Brain-derived neurotrophic factor (BDNF) is a powerful protein that stimulates the production of new brain cells and strengthens existing ones. More specifically, releasing BDNF activates a series of genes that develop new cells and brain pathways. Thus, having high BDNF makes you learn faster, remember better, age more slowly, and reconnect your brain quickly.

Brain-derived neurotrophic factor (BDNF) is one of the most widely distributed and extensively studied neurotrophins in the mammalian brain. Among its prominent functions, one can mention control of neuronal and glial development, neuroprotection, and modulation of both short- and long-lasting synaptic interactions, which are critical for cognition and memory. 

Serotonergic neurons are among the first to develop in the central nervous system. Their survival and maturation is promoted by a variety of factors, including serotonin itself, brain-derived neurotrophic factor (BDNF) and S100β, an astrocyte-specific Ca2+ binding protein. Here, we used BDNF-deficient mice and cell cultures of embryonic raphe neurons to determine whether or not BDNF effects on developing serotonergic raphe neurons are influenced by its action on glial cells. In BDNF–/– mice, the number of serotonin-immunoreactivity neuronal somatic, the amount of the serotonin transporter, the serotonin content in the striatum and the hippocampus, and the content of 5-hydroxyindoleacetic acid in all brain regions analyzed were increased. By contrast, reduced immunoreactivity was found for myelin basic protein (MBP) in all brain areas including the raphe and its target region, the hippocampus.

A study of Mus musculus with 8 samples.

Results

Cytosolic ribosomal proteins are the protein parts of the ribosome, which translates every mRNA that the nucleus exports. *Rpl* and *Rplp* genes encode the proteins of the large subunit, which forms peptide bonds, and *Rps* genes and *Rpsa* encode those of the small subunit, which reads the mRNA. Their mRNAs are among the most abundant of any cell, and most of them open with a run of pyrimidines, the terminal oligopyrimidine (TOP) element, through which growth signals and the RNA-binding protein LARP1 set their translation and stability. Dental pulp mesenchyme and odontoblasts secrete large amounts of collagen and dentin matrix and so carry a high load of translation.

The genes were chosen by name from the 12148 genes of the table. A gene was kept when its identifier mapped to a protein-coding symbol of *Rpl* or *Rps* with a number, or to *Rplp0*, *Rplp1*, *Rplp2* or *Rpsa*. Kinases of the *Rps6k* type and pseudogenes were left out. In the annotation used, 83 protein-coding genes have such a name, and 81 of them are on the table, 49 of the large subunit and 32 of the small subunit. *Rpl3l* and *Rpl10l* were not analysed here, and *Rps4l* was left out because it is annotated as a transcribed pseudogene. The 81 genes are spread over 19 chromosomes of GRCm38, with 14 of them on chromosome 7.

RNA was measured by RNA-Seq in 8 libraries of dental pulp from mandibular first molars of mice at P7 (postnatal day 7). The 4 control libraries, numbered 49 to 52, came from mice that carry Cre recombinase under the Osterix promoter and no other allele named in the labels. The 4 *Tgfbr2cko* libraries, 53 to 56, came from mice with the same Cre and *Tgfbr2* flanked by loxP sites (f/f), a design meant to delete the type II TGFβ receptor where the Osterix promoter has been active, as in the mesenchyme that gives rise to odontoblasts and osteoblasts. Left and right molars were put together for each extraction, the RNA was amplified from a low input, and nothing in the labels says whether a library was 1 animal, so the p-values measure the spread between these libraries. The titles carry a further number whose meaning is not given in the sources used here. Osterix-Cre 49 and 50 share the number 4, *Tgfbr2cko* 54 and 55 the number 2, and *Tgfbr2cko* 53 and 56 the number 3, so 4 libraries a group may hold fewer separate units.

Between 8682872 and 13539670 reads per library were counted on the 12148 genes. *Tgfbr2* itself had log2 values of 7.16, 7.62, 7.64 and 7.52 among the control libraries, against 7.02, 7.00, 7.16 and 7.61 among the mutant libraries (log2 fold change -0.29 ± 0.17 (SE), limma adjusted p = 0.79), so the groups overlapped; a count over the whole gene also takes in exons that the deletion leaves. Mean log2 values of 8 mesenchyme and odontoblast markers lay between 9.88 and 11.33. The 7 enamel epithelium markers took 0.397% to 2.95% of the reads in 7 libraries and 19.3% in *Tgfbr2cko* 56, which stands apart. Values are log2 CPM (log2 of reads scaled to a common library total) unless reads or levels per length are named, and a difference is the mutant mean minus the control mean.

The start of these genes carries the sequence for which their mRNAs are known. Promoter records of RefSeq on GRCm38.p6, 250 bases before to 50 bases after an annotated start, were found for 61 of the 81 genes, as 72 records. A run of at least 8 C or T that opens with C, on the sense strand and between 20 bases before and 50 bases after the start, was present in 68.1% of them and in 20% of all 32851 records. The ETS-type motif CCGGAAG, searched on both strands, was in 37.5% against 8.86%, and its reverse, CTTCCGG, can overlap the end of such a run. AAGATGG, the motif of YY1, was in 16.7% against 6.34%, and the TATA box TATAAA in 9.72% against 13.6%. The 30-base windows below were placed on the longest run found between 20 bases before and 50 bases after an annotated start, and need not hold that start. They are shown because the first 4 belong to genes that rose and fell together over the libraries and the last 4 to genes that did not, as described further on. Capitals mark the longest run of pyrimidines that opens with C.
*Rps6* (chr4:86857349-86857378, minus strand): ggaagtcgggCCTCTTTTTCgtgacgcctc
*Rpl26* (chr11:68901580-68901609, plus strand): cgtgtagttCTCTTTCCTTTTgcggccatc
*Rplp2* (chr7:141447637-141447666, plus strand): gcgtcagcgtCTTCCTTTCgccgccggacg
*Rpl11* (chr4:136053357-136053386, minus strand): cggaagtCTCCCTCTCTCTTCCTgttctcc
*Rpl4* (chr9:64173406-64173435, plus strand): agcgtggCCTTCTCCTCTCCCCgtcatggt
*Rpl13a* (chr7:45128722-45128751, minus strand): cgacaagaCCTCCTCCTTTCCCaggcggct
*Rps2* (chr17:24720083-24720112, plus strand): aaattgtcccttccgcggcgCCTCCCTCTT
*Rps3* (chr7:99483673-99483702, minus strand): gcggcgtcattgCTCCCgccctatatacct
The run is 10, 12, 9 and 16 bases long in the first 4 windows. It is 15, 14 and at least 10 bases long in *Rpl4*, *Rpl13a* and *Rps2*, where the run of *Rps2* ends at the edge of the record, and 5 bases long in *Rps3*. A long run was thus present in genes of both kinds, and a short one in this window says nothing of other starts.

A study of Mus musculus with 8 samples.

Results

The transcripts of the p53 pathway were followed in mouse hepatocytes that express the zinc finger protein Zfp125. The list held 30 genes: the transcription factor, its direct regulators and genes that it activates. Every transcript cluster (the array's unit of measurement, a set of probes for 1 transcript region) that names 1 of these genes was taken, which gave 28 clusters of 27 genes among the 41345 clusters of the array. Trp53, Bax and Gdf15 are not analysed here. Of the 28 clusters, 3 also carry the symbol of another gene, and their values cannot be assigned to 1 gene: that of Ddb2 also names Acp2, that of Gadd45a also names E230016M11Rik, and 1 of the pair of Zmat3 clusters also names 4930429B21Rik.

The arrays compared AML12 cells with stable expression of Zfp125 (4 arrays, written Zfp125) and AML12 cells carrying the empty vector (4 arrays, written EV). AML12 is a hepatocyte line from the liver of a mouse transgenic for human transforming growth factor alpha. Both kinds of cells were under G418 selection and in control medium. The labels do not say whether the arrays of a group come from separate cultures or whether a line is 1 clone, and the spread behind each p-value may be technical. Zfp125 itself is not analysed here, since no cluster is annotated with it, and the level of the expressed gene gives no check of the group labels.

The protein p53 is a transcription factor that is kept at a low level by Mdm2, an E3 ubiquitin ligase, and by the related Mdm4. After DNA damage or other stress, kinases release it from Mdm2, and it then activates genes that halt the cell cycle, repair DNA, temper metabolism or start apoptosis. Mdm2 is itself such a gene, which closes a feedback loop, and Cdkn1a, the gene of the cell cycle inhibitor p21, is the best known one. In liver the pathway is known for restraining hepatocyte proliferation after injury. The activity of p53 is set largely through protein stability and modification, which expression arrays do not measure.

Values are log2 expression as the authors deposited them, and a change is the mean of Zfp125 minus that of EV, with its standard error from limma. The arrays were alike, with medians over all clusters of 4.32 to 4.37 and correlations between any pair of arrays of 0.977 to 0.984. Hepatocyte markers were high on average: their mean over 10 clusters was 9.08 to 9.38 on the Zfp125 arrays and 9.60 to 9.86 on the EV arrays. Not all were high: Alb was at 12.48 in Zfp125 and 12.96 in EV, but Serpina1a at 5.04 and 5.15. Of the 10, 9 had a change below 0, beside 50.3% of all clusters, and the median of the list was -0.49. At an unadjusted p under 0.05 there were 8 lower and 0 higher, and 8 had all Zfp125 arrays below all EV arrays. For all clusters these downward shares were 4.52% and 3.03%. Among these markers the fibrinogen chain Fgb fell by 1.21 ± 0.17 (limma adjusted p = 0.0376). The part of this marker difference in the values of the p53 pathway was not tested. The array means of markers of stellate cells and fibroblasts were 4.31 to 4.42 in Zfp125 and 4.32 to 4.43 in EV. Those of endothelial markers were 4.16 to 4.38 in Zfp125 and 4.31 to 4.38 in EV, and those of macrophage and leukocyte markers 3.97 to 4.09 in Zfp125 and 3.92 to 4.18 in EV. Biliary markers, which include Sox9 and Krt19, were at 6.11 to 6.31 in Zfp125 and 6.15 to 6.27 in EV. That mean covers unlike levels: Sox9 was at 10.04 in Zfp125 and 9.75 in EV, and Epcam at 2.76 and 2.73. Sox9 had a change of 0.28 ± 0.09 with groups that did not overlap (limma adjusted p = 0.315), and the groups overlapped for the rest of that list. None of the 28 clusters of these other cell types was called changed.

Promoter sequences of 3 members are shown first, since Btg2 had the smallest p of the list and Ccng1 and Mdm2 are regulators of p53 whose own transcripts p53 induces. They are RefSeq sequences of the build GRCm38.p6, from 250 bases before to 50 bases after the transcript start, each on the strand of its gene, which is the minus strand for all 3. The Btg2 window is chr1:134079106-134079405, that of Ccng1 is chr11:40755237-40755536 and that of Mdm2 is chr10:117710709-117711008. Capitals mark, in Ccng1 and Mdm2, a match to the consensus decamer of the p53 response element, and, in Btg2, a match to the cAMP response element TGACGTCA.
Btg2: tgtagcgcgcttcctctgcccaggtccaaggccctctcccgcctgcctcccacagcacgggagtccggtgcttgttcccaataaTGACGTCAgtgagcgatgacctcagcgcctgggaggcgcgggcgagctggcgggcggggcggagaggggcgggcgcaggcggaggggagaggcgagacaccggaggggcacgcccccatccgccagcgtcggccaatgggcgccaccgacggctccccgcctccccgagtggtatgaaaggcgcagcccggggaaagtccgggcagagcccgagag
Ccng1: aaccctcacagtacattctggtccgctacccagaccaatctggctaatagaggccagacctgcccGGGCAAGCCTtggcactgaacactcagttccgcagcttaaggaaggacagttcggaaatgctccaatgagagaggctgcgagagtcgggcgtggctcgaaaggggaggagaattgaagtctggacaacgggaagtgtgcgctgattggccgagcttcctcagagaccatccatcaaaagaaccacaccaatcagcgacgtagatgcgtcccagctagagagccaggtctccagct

Exogenously applied BDNF increased the number of MBP-immunopositive cells in the respective culture systems. The raphe area displayed selectively reduced immunoreactivity for S100β. Accordingly, S100β was increased in primary cultures of pure astrocytes by exogenous BDNF. In glia-free neuronal cultures prepared from the embryonic mouse raphe, addition of BDNF supported the survival of serotonergic neurons and increased the number of axon collaterals and primary dendrites. 

Until fairly recently, it was wrongly believed that humans are born with a certain number of brain cells and that you could never develop new ones. But in the early 1980s, researchers discovered and isolated a protein that stimulated the growth of new brain cells. They called this protein brain-derived neurotrophic factor or BDNF. But BDNF does a lot more than just cause new brain cells to grow.